Thursday, May 24, 2007
In response, US Rep. Bart Stupak (D-Menominee) introduced HR 1252, the Federal Price Gouging Prevention Act. This bill would provide penalties for those who take unfair advantage of consumers at the pump. (Read more here.)
The bill passed 284-141 - a veto-proof majority - with 56 Republicans joining all but one Democrat in supporting the bill.
How did Michigan's members of Congress vote?
Bart Stupak (D)
Dale Kildee (D)
Candice Miller (R)
Thaddeus McCotter (R)
Sander Levin (D)
John Conyers (D)
Carolyn Kilpatrick (D)
John Dingell (D)
Pete Hoekstra (R)
Vern Ehlers (R)
Dave Camp (R)
Fred Upton (R)
Tim Walberg (R)
Mike Rogers (R)
Joe Knollenberg (R)
Two Michigan Republicans joined all six Michigan Democrats in supporting the bill. The other seven - including Vern Ehlers - don't seem to care about the pain being inflicted on American drivers. Yet Republicans in the State Legislature oppose the idea of raising taxes to fix the state's budget crisis. (While painful, a tax increase would go a long way in avoiding the alternative: cuts to education and higher tuition. More on that later.)
I don't know about you, but I'd rather see my money go to help our schools than help oil industry executives who don't need it.
Saturday, May 5, 2007
Another failure to plan:
In a grim sign of the times, the "Wall of the Fallen," set up by House Republican leaders in June, is almost full. The mounting death toll from Iraq has forced U.S. House staffers to study how to reconfigure the display in the lobby of the Rayburn Building - the largest office building for members of Congress - to squeeze in more names.
...New names are added to the display every few months, but none have been added since November. [...]
In the current format, there is space for about 130 more names, but 506 Americans have died since mid-November.
Apparently a member of the, "no one could have anticipated" club, Republican Rep. Vernon Ehlers said that he recently realized:
Boy, we could have a problem. More space is needed.
More space. Yes, that's the problem.
Friday, May 4, 2007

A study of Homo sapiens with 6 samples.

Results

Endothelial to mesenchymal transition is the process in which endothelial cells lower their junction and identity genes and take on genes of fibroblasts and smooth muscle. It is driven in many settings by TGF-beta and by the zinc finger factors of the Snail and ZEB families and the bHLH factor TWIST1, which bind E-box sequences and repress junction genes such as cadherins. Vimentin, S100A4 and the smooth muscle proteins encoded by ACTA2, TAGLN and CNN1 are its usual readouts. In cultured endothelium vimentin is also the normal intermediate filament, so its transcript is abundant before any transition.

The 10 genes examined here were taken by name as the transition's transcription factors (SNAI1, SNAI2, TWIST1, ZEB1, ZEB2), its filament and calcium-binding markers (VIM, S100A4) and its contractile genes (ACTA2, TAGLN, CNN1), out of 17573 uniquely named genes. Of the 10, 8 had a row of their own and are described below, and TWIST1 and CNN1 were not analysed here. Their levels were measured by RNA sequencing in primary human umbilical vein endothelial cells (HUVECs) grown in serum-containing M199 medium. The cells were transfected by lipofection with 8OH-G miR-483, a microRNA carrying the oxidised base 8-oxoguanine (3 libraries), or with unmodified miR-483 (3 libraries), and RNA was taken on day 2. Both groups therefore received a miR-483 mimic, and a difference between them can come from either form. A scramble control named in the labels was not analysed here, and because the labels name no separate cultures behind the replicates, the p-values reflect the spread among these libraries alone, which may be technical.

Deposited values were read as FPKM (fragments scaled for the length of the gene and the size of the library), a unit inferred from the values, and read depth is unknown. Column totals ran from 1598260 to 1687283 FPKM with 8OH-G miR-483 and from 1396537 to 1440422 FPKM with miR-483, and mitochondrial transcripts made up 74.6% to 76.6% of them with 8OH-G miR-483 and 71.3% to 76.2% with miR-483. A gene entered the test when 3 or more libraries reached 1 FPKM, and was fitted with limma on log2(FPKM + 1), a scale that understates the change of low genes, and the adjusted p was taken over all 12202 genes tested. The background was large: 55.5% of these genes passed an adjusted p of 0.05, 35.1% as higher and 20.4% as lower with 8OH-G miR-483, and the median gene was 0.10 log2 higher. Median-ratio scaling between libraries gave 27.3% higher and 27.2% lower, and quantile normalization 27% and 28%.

CNN has more on the bill:
According to the article, critics of the hate-crimes legislation say it will target pastors who preach against homosexuality. Two points in that regard. First, the bill targets those who commit crimes based on gender and sexual orientation, NOT those who believe homosexuality is wrong.
Under current law, hate crimes are subject to federal prosecution only if the acts of violence are motivated by race, religion, color or national origin. Federal prosecutors get involved only if the victim is engaged in a federally protected activity, such as voting or participating in interstate commerce.
The White House says there is no need for the expanded bill because state and local laws already cover the crimes it addresses, and there is no need for federal enforcement.
In addition to allowing greater leeway for federal law enforcement authorities to investigate hate crimes, the House bill -- which was passed on a 237-180 vote --provides $10 million over the next two years to aid local prosecutions.
Second, I'm a straight man, and I personally believe marriage is between one man and one woman. But if one of my friends from the GLBT falls victim to a hate crime, I would expect nothing less than for the perpetrator to receive swift justice.
But Congressman Ehlers and 179 of his colleagues do not see it that way. They believe that the current law, which criminalizes hate crimes perpetrated based on religion, race, national origin, or color, is sufficient enough.
But a hate crime is a hate crime, regardless of the basis on which it is perpetrated. Until Mr. Ehlers realizes this, he will probably keep receiving zeros on the Human Rights Campaign's Congressional Scorecard.